Stupak posts draft Joint Resolution to authorize use of U.S. Armed Forces against Iraq for review on Web site
WASHINGTON, DC -- Congressman Bart Stupak, D-Menominee, has posted on his Web site a copy of a proposed Joint Resolution to authorize the use of United States Armed Forces against Iraq. The resolution was released on Wednesday, Oct. 2, after consultation between House leadership and President Bush.
"The International Relations Committee will mark up the House resolution this week, and floor debate is tentatively scheduled to begin Monday. I expect the vote on the resolution to occur on Wednesday," Stupak said. "I invite every resident of my district to review the proposed resolution and convey their thoughts on this proposed resolution."
Stupak said this proposed Joint Resolution incorporates some of the Democratic concerns over the initial White House resolution by encouraging the diplomatic process, limiting the scope to only
Iraq and requiring Congressional approval prior to or not more than 48 hours after U.S. troops engage in military action.
Also on Stupak's Web site is a statement of his own position on Iraq.
"I do not support the White House's initial resolution calling for the unconditional use of force against Iraq. I am particularly concerned about provisions that allow the United States to act unilaterally and expand military efforts, not just to Iraq, but throughout the Middle East," Stupak states. "I do, however, believe that the international community - including the United States - should not tolerate Saddam Hussein's continued proliferation of weapons of mass destruction."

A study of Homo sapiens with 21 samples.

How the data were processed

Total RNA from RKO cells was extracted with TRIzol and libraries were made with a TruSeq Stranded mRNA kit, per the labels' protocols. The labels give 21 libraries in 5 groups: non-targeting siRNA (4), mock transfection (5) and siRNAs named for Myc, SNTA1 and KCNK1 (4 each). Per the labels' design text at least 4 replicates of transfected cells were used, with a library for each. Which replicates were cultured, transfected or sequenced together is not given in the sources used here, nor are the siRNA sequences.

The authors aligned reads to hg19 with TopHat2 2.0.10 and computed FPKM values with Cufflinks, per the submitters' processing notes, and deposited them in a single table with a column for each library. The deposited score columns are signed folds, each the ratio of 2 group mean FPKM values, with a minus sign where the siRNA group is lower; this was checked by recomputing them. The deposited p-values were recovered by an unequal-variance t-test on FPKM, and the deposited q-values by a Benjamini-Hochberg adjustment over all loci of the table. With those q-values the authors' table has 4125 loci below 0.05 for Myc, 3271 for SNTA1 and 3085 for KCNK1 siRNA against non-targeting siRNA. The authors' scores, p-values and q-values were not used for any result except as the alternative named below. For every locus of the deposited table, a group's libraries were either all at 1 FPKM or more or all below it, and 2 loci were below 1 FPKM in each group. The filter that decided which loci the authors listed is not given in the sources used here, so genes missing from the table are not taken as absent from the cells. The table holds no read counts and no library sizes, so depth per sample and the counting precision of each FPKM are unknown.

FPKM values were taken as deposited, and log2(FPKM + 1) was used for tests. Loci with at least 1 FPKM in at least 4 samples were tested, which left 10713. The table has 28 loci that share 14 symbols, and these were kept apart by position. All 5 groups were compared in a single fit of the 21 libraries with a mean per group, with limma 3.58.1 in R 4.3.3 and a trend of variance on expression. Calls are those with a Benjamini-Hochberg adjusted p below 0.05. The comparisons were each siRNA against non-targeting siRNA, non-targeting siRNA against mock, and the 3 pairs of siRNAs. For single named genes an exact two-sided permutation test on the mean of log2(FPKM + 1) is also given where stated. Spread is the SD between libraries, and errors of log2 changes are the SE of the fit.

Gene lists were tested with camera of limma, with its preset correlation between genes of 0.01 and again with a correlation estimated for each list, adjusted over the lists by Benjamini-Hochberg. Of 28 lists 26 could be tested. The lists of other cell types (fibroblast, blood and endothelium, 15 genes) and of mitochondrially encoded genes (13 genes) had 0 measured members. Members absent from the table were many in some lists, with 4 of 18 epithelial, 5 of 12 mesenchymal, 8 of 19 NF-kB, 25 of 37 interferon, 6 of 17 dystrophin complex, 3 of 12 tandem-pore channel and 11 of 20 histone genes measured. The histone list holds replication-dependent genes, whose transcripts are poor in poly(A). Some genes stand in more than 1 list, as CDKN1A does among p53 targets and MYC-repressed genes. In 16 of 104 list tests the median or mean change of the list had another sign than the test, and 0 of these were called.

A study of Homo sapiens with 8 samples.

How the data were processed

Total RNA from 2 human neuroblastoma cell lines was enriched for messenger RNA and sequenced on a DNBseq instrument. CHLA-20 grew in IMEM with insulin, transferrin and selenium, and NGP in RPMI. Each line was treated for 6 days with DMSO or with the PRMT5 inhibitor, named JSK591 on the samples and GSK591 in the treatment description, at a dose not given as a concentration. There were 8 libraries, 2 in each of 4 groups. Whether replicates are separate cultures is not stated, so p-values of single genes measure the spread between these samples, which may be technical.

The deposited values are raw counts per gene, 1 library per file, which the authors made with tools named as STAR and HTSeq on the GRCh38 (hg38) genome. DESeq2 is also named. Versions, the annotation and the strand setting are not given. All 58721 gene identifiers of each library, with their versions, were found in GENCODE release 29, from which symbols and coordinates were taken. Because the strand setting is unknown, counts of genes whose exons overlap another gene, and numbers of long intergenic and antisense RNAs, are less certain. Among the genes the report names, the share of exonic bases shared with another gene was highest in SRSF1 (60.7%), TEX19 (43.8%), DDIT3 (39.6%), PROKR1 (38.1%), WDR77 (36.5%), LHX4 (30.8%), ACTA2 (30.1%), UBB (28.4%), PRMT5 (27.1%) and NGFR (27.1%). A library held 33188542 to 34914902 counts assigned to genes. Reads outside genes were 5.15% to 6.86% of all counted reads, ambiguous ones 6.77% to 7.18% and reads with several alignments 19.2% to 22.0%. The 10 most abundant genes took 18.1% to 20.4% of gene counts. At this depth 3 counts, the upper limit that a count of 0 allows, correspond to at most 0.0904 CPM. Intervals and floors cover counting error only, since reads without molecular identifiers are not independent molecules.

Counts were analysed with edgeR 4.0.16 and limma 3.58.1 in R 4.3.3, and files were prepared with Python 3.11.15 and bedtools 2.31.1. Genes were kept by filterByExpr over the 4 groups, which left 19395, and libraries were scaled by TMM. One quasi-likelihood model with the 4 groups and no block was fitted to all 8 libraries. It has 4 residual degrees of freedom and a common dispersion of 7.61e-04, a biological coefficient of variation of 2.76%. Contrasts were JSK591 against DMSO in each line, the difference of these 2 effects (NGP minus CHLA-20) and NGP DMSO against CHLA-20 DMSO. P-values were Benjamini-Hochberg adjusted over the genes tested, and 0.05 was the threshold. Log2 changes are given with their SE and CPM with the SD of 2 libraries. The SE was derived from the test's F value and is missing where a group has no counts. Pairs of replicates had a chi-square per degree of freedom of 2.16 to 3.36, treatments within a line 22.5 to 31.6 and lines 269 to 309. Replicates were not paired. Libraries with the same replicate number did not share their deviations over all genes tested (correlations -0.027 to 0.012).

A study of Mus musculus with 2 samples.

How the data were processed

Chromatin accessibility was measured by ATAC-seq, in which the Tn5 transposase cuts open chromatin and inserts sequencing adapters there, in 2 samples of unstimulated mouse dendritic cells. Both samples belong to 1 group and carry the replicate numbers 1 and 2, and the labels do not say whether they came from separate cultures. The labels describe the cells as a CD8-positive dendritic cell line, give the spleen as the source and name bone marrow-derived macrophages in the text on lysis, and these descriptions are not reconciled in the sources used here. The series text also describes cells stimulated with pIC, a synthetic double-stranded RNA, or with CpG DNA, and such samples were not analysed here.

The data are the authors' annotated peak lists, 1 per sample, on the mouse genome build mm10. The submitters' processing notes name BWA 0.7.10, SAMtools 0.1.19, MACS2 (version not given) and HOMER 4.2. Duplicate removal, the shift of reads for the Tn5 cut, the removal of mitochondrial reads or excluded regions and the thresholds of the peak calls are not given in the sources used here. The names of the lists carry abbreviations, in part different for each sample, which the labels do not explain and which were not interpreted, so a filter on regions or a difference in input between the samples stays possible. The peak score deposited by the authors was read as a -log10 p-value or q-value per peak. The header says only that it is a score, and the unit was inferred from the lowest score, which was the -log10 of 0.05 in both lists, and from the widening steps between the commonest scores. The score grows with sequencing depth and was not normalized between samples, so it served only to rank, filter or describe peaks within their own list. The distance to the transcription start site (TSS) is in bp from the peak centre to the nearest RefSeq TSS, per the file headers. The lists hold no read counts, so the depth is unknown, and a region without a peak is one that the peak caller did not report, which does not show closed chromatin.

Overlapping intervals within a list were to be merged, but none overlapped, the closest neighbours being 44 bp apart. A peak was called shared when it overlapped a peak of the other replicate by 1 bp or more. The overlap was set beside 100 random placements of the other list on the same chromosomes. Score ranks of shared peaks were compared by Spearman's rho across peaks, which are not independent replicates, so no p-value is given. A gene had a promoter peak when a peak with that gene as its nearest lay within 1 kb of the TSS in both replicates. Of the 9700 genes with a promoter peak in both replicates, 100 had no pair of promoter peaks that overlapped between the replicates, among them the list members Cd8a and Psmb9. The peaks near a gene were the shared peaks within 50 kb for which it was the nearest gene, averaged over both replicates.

Stupak says he supports the removal of such weapons but believes war must be the last resort.
"I share the concerns of hundreds of my constituents who have written and called about the gravity of attacking Iraq. Not only do budget analysts predict a war with Iraq could cost our country $100 to $200 billion (diverting precious federal dollars away from health care, social security, and education), but the potentially devastating effects on an already faltering economy are enormous. I am further concerned about the duration of
U.S. military presence in Iraq after Saddam falls," Stupak adds.
In a press release last week, Stupak said he and other House Democrats had met with President Bush on Sept. 26 to address their concerns over the content of the White House's proposed resolution authorizing the use of U.S. troops against Iraq as well as the tone of the current debate over such a resolution.
"President Bush assured us that the partisan rancor over the issue of military action against Iraq will end," Stupak said on Sept. 26. "House Democratic Leader Rep. Richard Gephardt (D-MO) has had good dialogue with the President. The President told me today (Sept. 26) that he does not wish to divide the country and that if U.S. troops are deployed he wants the whole country together behind our service men and women."
Stupak said he believed the issues that should be debated are whether military action is appropriate, whether our allies are with us and when we can get U.N. weapons inspectors into Iraq -- not what party is more patriotic or less patriotic than the other.
"My office has received hundreds of phone calls and messages from constituents who are concerned about us attacking Iraq. Most of those
callers are opposed to U.S. military action against Iraq," Stupak said on Sept. 26. "My constituents do not want us to go it alone but would like to see what the U.N. weapons inspectors find before committing American troops to military action against Iraq."
Stupak noted President Bush told him during the Sept. 26 visit that using U.S. troops would be the last resort.
Visit Rep. Stupak's Web site to read the Joint Resolution as well as
Stupak's position on Iraq and other current issues.
Citizens may contact Stupak's Washington office at (202) 225-4735 or email him at
email@example.com. His Congressional Aide Amy Wisti may be reached in Houghton from 9 a.m. to 1 p.m. at (906) 482-1371.